James' improved chipping and putting helped him win Low Amateur honors at the Connecticut Open

Ben James’s amazing summer continues.

This month James, the 16-year-old phenomenon from Milford, was one of twelve American junior golfers chosen to play on the U.S. side in the second Junior Presidents Cup competition prior to the Presidents Cup this December at Royal Melbourne Golf Club in Australia.

He got an email on September 10 that began:

“Congratulations on making the Junior Presidents Cup Team. I am excited to be part of this and December just can’t come fast enough.” It was signed Justin Leonard.

James was chosen, of course, because he earned it.

Qualification for the team is based on points, and with T19-place finish in the recent Junior Players Championship at the Stadium Course in Ponte Vedra, an invitational, James secured the 12th spot. It was the culmination of a summer in which James:

—Placed second in the elite AJGA Wyndham Invitational, June 10-14, at Sedgefield Country Club in Greensboro, N.C., against a very strong field

—Won the AJGA Killington Junior Golf Championship, July 1-4, at Green Mountain National Golf Course in Vermont

—Won the 78th Connecticut Junior Championship, July 8-11, at Watertown Golf Club

—Placed third in the 85th Connecticut Open Championship, July 19-21, at Torrington Country Club and finished Low Amateur

—Placed T9 at the national PGA Junior Championship at Keney Park Golf Course in Hartford, July 30-August

—Defended his title at the 18th Northern Junior Championship, August 5-7, at New Haven Country Club after winning in 2018 at his home club of Great River Golf Club

—Outscored all competitors in the six-state New England Junior Championship, August 11-13, at Mill River Country Club in Stratford, shooting  203 (-7) for three rounds and leading his Connecticut team to a 17-shot win, both accomplishments for the second consecutive year

For James, a sophomore at Hamden Hall Country Day, this breakthrough summer is the result of a great deal of daily hard work, much of it measured on a Trackman to keep his practice purposeful. Always close in the past, this summer James learned to win— and win consistently.

“I always knew I could do it,” he said.  “I was just not quite getting the win. Maybe I was a little young.  But age doesn’t matter really. I guess I somehow figured it out. I really can’t explain it.  I just got to the point where I trust everything out there.”

That confidence grew from James’ experience in the elite Wyndham field this June, where he placed second, “He saw that he could play with any of these kids,” says dad Don James, a former coach at Sacred Heart University.  That led to his first AJGA win at Killington and, a week later, at the state ’s Junior Amateur. The elder James also credits the Trackman “combine” tests in all areas of the game—as well as a favorable schedule as contributing factors. The national PGA Junior was in Hartford. The New England Junior was in Connecticut as well, at Mill River. There was less time spent traveling, more time for practice rounds, and for practice in general.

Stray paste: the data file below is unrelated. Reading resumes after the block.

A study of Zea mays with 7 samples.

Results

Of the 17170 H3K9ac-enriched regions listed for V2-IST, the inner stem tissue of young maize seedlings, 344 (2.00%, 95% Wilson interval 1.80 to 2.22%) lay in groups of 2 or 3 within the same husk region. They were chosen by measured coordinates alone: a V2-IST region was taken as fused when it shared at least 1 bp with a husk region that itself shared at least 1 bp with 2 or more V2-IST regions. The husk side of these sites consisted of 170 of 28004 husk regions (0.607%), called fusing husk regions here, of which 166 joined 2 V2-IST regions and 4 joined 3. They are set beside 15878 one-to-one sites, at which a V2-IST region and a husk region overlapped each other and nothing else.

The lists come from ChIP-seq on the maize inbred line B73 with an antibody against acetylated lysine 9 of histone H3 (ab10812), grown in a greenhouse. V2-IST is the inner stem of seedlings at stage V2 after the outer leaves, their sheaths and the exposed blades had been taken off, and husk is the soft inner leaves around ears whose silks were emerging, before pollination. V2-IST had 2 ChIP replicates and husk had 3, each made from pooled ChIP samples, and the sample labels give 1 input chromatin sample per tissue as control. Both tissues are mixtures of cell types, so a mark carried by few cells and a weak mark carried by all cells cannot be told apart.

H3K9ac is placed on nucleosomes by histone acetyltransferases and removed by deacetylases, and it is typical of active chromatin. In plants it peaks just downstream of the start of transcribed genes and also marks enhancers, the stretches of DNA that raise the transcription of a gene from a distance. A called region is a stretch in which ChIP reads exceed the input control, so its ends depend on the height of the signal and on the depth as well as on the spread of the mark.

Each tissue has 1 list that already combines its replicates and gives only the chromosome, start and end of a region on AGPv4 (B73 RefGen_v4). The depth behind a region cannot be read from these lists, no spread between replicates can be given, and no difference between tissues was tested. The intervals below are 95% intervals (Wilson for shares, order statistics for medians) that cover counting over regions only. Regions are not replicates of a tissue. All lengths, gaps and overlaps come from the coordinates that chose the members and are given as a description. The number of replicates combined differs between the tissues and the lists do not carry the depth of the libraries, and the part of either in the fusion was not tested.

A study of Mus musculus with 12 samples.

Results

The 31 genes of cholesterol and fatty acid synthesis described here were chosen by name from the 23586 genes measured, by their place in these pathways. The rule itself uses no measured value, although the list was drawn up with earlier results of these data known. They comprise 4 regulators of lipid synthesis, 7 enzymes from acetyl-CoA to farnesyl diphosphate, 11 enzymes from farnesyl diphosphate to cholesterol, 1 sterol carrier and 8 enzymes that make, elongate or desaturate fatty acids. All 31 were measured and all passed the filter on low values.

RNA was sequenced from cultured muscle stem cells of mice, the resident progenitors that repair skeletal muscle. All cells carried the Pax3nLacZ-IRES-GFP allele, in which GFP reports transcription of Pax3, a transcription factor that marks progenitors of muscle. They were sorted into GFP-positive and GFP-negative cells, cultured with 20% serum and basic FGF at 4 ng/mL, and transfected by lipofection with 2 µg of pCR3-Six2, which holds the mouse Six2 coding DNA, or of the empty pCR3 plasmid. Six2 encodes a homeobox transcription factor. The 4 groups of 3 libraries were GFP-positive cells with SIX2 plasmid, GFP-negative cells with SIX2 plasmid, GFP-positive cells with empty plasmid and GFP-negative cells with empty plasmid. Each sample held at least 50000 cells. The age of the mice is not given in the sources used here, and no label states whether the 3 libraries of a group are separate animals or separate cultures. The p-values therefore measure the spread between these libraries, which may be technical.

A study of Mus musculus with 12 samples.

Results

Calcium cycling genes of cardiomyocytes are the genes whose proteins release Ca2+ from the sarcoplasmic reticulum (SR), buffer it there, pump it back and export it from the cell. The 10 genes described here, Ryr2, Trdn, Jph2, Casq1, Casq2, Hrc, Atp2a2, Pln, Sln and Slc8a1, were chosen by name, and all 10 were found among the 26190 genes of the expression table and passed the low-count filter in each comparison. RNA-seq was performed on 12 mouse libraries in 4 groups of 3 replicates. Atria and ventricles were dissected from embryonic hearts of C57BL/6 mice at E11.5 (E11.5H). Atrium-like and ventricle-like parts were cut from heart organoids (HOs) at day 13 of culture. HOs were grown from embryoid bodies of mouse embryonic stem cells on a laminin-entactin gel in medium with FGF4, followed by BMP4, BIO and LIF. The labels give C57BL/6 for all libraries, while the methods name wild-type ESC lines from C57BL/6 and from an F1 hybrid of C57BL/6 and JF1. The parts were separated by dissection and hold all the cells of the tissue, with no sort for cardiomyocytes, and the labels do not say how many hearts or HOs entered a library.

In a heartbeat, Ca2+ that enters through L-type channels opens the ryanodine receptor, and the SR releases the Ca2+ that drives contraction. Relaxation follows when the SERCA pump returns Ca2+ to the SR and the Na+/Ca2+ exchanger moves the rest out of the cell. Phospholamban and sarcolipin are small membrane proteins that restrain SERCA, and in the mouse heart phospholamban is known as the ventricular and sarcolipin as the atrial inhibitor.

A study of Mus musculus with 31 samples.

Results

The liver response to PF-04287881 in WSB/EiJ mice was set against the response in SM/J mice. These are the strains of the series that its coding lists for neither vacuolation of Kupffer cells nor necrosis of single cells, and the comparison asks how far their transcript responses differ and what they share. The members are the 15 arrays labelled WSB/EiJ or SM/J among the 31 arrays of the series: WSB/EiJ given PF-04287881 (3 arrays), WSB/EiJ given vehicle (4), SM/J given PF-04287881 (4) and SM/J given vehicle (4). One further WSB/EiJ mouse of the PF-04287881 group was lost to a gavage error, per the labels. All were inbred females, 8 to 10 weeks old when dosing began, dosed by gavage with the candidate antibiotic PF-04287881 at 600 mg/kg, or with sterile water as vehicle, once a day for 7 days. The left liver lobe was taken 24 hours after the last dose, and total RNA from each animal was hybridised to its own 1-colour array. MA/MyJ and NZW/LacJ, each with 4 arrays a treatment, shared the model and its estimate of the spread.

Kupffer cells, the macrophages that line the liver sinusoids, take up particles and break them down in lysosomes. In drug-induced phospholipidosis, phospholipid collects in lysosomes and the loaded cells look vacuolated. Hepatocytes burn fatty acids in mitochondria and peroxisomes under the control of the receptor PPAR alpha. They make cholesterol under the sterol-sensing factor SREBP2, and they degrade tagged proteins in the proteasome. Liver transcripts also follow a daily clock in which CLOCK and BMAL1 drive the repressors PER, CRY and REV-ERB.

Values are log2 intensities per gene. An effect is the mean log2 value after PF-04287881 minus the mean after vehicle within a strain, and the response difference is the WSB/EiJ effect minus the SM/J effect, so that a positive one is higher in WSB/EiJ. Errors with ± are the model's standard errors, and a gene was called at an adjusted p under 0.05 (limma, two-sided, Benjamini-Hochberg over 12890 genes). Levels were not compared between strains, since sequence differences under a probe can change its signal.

James has shown particular progress this season around the greens, a part of his game with which he struggled early in the summer. He’s worked with his dad and Great River Director of Golf Tom Rosati on chipping and putting. “My putting has improved a lot and my chipping is dynamite right now,” James said after the Northern Junior. ”I try to put myself in the hardest spots I can do. If I can get those up and down, I know I’’ll be alright.

These accomplishments have made James the No. 1–ranked golfer in his 2022 class, according to Richmond-based Junior Golf Scoreboard. He is 14th overall.

“I think Ben James has to be in the conversation for being the greatest junior golfer in Connecticut history,” CSGA Executive Director Mike Moraghan said. “I don’t know if any junior has had a better summer than Ben had.”

And that summer will be extended to late fall with a trip to the second Junior Presidents Cup ever.

“I am extremely happy, extremely excited,” said the normally even-keeled James. “I’m probably more emotional on the inside than on the outside.” Though James will miss some school competing at Royal Melbourne, he’s grateful that Hamden Hall administrators and teachers have been supportive and flexible. What’s more, he’ll use the experience as a learning process in itself, he says.

“I’m going to try to take in everything in.  I’m going to ask a lot of questions to Justin, and just try to learn about the game from his perspective. And meet other pros hopefully as well. I’ll need to make a list of questions before I go.”

And what would be one of those questions be, James is asked. He answers quickly:

"What do you think it takes to be a tour player?”

 

 

 

 

 

 

 


The CSGA functions as an extension of the USGA and provides stewardship for amateur golf in Connecticut. Founded in 1899, it is the country’s oldest state golf association and conducts over 50 Championships, Qualifiers and One-Day Tournaments throughout the year, in addition to administering handicaps for over 40,000 members and 181 member clubs. As a 501(c)(3) non-profit organization, the CSGA supports a variety of golf organizations within Connecticut, including the Connecticut Women’s Golf Association, Southern New England Women’s Golf Association, The First Tee, the Connecticut PGA, the Connecticut Association of Golf Course Superintendents and the CSGA Scholarship Fund in honor of Widdy Neale.